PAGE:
View Full Version : US Airways Asks ALPA to Waive RJ Scope Clause

31st Jul 2001, 06:47
July 31, 2001

US Airways Sees Regional Jets
As Key to Stand-Alone Success


ARLINGTON, Va. -- Now that UAL Corp.'s proposed acquisition of US Airways Group Inc. is dead, US Airways is plotting its future as a stand-alone carrier. Monday the nation's sixth-largest airline identified as one "critical challenge" the lack of adequate numbers of regional jets in its commuter carriers' fleets.

US Airways, in a letter to all employees, said it asked the leadership council of the Air Line Pilots Association for permission to boost the number of small jets the carrier can operate over and above what is permitted in the current pilot contract. US Airways, Arlington, Va., didn't specify in the letter how many planes it wants to add, but said it asked the union to respond by Aug. 13.

Regional jets, which are preferred by passengers, are an economical way to serve smaller markets that don't justify big-jet service. High-cost US Airways is looking hard at strategies that will help lower its expenses. Rakesh Gangwal, chief executive officer, met with union leaders Monday to discuss US Airways' plans to build on its strengths on the East Coast and return to profits.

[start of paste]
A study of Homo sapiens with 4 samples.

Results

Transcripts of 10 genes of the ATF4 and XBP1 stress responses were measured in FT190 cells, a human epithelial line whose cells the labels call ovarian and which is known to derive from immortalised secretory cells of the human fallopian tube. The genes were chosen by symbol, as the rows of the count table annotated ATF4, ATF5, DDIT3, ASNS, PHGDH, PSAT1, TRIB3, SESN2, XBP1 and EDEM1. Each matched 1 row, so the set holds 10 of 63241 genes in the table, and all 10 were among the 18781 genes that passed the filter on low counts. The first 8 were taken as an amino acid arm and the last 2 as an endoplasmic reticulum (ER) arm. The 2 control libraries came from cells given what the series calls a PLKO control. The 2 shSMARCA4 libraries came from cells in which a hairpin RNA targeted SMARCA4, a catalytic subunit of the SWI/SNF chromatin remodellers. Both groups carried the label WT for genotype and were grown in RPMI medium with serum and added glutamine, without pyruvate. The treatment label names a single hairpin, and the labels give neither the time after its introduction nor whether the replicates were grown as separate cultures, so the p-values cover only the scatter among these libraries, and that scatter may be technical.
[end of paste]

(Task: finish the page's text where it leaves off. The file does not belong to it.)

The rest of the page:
An interim agreement reached last year between US Airways and its 6,000 pilots caps at 70 the number of 50-seat jets US Airways' commuter affiliates can operate. As of July 1, three commuter carriers that fly for US Airways under contract operated a total of 59 regional jets. That agreement was expected to be superseded by a larger deal for more regional jets, but no formal negotiations occurred and US Airways then agreed to be acquired by UAL's United Airlines.

The merger was shot down last week by federal regulators. A spokesman for the pilots union said it was "disingenuous" for US Airways to claim it had tried to negotiate a new regional-jet agreement with the pilots union. "We don't even know what they want," he said, adding that the company has floated figures ranging from 200 to 400 small jets. He said the union can't agree to more regional jets without negotiating job-security provisions, and insisted there is no way ALPA will meet US Airways' deadline.

US Airways' letter to workers noted that regional jets make up two-thirds of the commuter fleets at Delta Air Lines and Continental Airlines, but only 18% at US Airways. AMR Corp.'s American Airlines, UAL's United Airlines and Northwest Airlines also have dramatically increased the number of small jets flying for their feeder airlines, putting US Airways at a competitive disadvantage. US Airways' three wholly owned commuter subsidiaries don't fly any small jets, only turboprops.